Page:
As the early-twentieth-century wit Logan Pearsall Smith observed, the rich would never be so stingy were they aware of the pleasure their stinginess gives their friends.
Take the late tenth Duke of Northumberland, who stayed each July of the 1970s at Milton, the family seat of the Earls Fitzwilliam and the house on which Daphne du Maurier modeled the interior of Manderley. The visit was always timed to coincide with the Peterborough Royal Foxhound Show, the highlight of the year for fox-hunting folk, in which the hounds of the various packs are compared and contrasted in a canine beauty contest. The Duke had his own hunt, the Percy, and his own pack of hounds. He vastly enjoyed this great annual event, at which the custom of bowler-hat wearing is still observed. For the supporters of the show there was an official lunch, for a nugatory sum. However, the old Duke was never among those to be seen enjoying the camaraderie of the marquee. Not long ago a family friend told me admiringly, "He was far too stingy to shell out for lunch. He would ask the Milton butler to give him a packed lunch, which he would eat in his car. It became an absolute tradition. 'Here are His Grace's sandwiches,' the butler would say as the party left Milton for the show."
In this way Northumberland was the soul mate of the Texas oil billionaire H. L. Hunt, who always took a bag lunch with him. Other self-made men have discovered their own ways to be thrifty. Sam Walton, the founder of Wal-Mart, famously drove an old pickup truck that he refused to replace. J. Paul Getty had a pay phone installed in the foyer of his mansion. To be fair, let it be said that Getty himself found it inconvenient to make international calls when staying with friends; he always wanted to pay his hosts back, but doing so was embarrassing.
Often, in fact, if you look closely, you will see the reasons for stingy behavior on the part of people with no need to be stingy. Cyril Connolly was, reportedly, once stopped by Somerset Maugham as he left the latter's Villa Mauresque, at Cap Ferrat. Maugham made him open up his suitcase, wherein was revealed an unripe avocado, a windfall Connolly had found in the garden. Maugham insisted he leave it behind. Jeremy Lewis, Connolly's biographer, declares that this oft-told tale is untrue—and yet it has a ring of truth about it. Connolly was "a disconcerting guest," the historian Paul Johnson explained to me. "He once used a slice of bacon as a bookmark."
Queen Elizabeth II as a child kept detailed accounts of her shilling-a-week pocket money. When Prince Charles was a boy, he once mislaid a dog leash at their Norfolk estate, Sandringham. The Queen was greatly annoyed and sent him back to look for it, explaining, "Dog leads cost money." The old rich, or experienced rich, know that inattention to details such as dog leashes will be noted and held against them, because it exaggerates the differences between them and other people.
We all prefer relationships without hypocrisy built into them—and hypocrisy readily makes itself at home where there is great financial inequality. A host who has invited people for a cruise aboard his big yacht may be a crashing bore or badly behaved, but how tempting it is for guests to just smile complicitly, perhaps satisfying their consciences by drawling something ambiguous like "You're so eccentric" before tottering below deck in blissful anticipation of retiring to their feather beds with stomachs full of foie gras and Chateau Petrus. How admirable, then, if the rich prefer to weed out hypocrites, spongers, and social climbers at the source by giving them no material incentive to suck up.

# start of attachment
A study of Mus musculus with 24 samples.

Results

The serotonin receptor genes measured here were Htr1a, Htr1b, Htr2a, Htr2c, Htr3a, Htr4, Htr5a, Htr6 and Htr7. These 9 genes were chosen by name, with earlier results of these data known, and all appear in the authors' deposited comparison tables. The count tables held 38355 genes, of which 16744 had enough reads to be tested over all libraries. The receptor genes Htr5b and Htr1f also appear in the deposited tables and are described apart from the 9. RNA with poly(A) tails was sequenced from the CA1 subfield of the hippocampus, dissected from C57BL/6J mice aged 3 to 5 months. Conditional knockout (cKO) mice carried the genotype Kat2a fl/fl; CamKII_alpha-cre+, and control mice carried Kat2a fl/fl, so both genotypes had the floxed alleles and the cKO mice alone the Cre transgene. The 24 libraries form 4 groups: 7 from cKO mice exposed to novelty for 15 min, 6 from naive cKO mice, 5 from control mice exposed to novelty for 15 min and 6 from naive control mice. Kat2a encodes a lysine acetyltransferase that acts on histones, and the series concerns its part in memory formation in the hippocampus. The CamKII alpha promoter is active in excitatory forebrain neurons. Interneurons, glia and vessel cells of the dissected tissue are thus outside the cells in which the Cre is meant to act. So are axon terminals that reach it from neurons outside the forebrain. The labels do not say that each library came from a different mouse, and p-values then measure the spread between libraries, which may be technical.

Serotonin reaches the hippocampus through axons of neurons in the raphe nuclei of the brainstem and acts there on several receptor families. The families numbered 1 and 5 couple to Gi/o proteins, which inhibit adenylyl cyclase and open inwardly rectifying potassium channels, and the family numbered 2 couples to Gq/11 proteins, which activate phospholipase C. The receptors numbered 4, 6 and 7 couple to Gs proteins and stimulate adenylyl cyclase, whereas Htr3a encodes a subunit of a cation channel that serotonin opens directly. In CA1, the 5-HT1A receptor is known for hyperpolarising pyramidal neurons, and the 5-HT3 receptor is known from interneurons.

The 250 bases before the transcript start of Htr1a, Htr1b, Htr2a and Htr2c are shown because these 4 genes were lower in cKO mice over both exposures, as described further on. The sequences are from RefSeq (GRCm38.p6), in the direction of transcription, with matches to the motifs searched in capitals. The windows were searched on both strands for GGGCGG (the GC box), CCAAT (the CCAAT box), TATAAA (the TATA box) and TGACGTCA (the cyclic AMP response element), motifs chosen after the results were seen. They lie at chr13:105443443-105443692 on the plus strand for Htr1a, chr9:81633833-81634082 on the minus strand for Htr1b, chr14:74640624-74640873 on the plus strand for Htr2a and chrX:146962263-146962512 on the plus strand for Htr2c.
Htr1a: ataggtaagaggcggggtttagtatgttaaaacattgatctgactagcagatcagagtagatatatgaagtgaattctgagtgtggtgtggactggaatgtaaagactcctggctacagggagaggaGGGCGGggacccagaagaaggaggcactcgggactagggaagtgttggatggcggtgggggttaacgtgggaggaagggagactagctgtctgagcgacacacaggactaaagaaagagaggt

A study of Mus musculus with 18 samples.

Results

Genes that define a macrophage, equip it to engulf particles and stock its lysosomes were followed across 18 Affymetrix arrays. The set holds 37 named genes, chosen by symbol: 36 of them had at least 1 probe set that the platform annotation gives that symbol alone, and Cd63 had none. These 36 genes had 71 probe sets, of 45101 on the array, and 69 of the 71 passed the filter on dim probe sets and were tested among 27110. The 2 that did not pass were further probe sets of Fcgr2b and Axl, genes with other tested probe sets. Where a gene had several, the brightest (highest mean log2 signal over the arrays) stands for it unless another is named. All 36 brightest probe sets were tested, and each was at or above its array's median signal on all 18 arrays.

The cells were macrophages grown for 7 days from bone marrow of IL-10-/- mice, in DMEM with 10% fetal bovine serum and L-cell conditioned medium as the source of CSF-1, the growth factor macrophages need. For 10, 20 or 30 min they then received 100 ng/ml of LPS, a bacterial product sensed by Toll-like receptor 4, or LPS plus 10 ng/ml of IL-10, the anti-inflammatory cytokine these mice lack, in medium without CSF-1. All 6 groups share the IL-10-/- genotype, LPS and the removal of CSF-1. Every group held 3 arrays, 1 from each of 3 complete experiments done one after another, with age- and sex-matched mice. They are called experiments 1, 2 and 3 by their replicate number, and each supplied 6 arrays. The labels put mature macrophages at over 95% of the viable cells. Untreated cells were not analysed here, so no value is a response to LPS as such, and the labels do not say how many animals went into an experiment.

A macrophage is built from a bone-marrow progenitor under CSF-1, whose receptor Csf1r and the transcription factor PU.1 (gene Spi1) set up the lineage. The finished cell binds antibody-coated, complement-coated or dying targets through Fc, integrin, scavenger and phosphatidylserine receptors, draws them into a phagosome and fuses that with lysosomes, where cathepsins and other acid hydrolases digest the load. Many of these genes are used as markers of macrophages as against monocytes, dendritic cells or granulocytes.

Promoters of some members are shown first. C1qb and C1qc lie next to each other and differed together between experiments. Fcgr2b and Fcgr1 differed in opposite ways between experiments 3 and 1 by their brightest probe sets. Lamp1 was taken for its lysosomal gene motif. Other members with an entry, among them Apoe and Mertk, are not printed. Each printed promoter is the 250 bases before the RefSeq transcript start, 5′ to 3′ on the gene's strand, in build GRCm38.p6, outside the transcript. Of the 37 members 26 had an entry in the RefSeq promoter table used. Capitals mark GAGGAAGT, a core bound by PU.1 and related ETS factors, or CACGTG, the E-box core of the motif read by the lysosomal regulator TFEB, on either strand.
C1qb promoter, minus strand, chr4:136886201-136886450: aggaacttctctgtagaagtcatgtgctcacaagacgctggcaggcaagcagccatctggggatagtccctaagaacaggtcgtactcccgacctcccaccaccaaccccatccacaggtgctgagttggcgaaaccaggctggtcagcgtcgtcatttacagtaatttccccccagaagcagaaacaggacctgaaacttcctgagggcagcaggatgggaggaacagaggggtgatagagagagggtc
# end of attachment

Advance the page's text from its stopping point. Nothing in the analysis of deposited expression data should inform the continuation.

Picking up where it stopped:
When a very well off friend of mine lent a car to a not well off houseguest, who proceeded to crash the car, while drunk, on the first day of his stay, my friend made him pay for half the cost of the repairs. She explained at the time, "To have paid all of it, just because we could afford to, would only have made him hate us—particularly because he would have felt his guilt was unabsolved."
As the Roman historian Tacitus observed, "Good turns are pleasing only in so far as they seem repayable; much beyond that we repay with hatred, not gratitude."
Lady Selina Hastings, the biographer of Evelyn Waugh and Nancy Mitford, laments the demise of the late Lord Faringdon, about whom she told me recently, "He ran two enormous country houses, a house in Ovington Square, and a castle in Malta, but was famous for being able to carve a grouse for six and for his keenness on saving on heating bills. One guest was greatly embarrassed when his suitcase burst open on arrival at Buscot as the footman was carrying it upstairs, revealing a cargo of coal intended for his bedroom fireplace."
But one has to wonder if Faringdon actually saw through to some essential truth about his condition. A popular bachelor of my acquaintance has, as they say, looked at life from both sides. Now comfortably established, he says, "The only rich people I know who are happy are the ones who behave as though they are not rich."
I think of the local branch of the Guinness family, the brewing billionaires, who live near me in Wiltshire. All members of the extended family go around in jeans, gardening and farming all day; never throw out a pheasant carcass without making stock from it; put hours of energy into preparing bramble jelly from their hedgerows; and look furious, briefly, if anyone breaks an ordinary wineglass.
The upshot? The money saved goes into a charity that supports worthy causes. Some of them are vast—earthquake relief, for example. Others are more particular, such as a little-known arrangement the Guinnesses have set up in their own village. This provides people to go around to the houses of the elderly who are unable to bend over, and clip their toenails for them.